Reid Kimball’s thoughts on using using the montage in games made me think of a character generation system for an RPG that takes the form of a series of mini-games, Wario Ware style, starting with the character at a very young age (choose a favourite toy) and gradually becoming older and making more meaningful decisions (choose from three different shirts to wear on the first day of school, choosing a hairstyle from a hairdresser’s catalog, a series of quick problems based on different subjects taught in school, a sports-flavored minigame).

After the montage is finished, a short summary can be given of the effects of each minigame on the character’s skills and stats, or they can be left hidden for the player to discover themselves. It would be more fun than rerolling random numbers over and over. Ideally, since the player must make their choice within a small time frame (5-10 seconds for each minigame), they would be encouraged to choose quickly, based on gut instinct, rather than overthinking each decision. The minigames in the montage could then be used as a form of light psychological profiling that would tailor the character to the player’s choices, and perhaps present the player with situations throughout the game based on these split-second choices.

The minigame montage could take the form of a series of decisions that create a branching tree-like structure with more decisions based on the choices made. Or it could be more like a personality test, with the results dictating the character’s affinities and possible romantic interests or dilemmas throughout the game.

It could start with a the character’s parents shopping at a baby goods store. They would be considering whether to buy the blue onesies or the pink ones (or the green or yellow ones!). Depending on the colour chosen, the character is male, or female (or randomly chosen but with something different in the case of green and yellow. Perhaps the green onesie decides the character’s gender randomly, but they tend to be a nurturing, growth-oriented person. The yellow one also requires random generation of gender, but the character is a more analytical, mental type of person). Depending on color chosen, the next minigame would show the character as a baby of the appropriate gender, and would show them in a playpen with an assortment of different toys, or crawling around under a christmas tree with a number of distinctly shaped gifts under it. The goal of this minigame is to choose a favourite toy. There would be some shaped  very concretely (a dinosaur or other animal, a toy sword, a doll) and maybe one or two with very generic (cubic box shape) which would be the surprise toy. Perhaps this minigame could show different relatives holding each present, and the choice of present also increases the character’s affection towards that relative and vice versa.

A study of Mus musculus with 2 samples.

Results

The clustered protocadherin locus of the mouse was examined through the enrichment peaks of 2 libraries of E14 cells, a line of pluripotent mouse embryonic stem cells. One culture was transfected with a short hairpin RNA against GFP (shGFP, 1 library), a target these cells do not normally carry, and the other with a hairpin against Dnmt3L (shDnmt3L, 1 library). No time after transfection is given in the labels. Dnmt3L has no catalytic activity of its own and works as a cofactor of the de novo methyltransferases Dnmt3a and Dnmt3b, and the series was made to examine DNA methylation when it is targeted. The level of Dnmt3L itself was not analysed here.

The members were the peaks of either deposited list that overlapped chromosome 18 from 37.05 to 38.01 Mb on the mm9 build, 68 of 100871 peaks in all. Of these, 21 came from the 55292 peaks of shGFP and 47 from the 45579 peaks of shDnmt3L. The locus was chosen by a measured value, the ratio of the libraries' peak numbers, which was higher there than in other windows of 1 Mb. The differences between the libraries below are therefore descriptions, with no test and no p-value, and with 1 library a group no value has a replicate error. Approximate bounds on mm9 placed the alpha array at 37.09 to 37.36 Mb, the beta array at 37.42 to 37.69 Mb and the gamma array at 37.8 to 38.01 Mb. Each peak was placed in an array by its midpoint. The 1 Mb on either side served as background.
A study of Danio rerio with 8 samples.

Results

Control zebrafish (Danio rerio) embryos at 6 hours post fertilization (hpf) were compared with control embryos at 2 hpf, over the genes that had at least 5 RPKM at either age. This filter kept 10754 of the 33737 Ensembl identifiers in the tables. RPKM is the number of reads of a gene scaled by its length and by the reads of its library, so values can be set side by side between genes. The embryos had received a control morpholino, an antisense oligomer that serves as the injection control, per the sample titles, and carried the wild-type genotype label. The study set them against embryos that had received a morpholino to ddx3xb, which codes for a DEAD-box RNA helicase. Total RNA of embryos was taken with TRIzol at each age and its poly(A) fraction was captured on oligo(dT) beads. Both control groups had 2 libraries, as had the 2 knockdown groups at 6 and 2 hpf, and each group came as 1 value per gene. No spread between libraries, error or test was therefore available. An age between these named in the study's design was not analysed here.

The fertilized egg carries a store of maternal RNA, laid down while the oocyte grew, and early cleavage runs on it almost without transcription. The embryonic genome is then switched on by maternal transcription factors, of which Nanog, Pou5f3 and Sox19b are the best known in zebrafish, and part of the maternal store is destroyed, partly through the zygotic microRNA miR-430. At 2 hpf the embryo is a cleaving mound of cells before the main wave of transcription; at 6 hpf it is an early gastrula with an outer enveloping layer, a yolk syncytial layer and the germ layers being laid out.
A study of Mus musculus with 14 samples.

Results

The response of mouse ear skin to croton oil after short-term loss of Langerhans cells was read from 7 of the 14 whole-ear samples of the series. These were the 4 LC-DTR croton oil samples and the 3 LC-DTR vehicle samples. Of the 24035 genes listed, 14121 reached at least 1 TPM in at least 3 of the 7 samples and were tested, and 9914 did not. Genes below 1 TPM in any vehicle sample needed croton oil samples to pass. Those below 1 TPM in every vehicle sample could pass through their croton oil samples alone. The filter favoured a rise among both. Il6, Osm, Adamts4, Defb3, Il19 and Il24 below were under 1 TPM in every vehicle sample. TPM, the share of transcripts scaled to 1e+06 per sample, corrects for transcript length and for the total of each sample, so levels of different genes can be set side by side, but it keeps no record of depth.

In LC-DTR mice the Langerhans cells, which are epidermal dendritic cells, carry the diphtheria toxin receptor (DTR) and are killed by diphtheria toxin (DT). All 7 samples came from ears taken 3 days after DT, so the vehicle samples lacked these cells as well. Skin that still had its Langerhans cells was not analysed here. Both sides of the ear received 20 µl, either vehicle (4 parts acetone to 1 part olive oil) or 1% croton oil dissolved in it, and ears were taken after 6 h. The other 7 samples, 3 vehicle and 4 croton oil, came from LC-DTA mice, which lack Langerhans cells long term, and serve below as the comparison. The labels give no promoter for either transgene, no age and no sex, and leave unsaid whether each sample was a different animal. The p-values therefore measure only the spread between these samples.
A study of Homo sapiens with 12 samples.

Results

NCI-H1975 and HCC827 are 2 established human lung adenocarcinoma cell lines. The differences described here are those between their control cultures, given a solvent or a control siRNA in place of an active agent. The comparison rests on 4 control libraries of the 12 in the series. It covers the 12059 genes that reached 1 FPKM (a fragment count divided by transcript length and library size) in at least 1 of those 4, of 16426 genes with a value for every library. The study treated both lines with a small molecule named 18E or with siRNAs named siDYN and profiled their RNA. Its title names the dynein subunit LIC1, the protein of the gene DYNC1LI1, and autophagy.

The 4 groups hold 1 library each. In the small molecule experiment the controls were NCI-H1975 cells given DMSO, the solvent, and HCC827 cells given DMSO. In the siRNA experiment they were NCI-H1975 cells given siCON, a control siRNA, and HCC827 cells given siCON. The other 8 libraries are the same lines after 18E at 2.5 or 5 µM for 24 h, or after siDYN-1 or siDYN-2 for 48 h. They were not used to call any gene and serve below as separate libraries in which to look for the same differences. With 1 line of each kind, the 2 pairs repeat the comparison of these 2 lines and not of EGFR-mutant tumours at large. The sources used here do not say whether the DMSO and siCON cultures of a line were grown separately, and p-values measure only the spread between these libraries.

The main issue with an interactive montage would be to create context while at the same time maintaining the dynamism of the montage as a storytelling device. The player would need to be able to infer meaning from each ‘vignette’ presented in the montage and know what input is required from them in each case withing a relatively short window of opportunity. That is why the first thought that came into my head was Wario Ware, with it’s microgames and vivid imagery and single word instructions on how to play.

That’s just my take on it, though. It definitely seems like it would be a better way to deal with long periods of elapsed time with few major occurrences than just a black screen with “…10 years later…” on it. The other major advantage of a montage like this is that isolated major events occurring within the timeframe condensed into the montage could actually be played out as (slightly or greatly) more intricate interactive sequences, either within the montage itself or separated by individual montages.

The montage would go on, with each new minigame posing a different situation that the player must resolve by making a choice within a small window of time. The game would keep tabs on all choices made, and present new situations based on previous choices. At the end of the montage, the player would end up with a pretty well defined character (within certain parameters of varying meaningfulness within the game) with an established history that the player is familiar with in broad strokes, ready to embark on their adventure.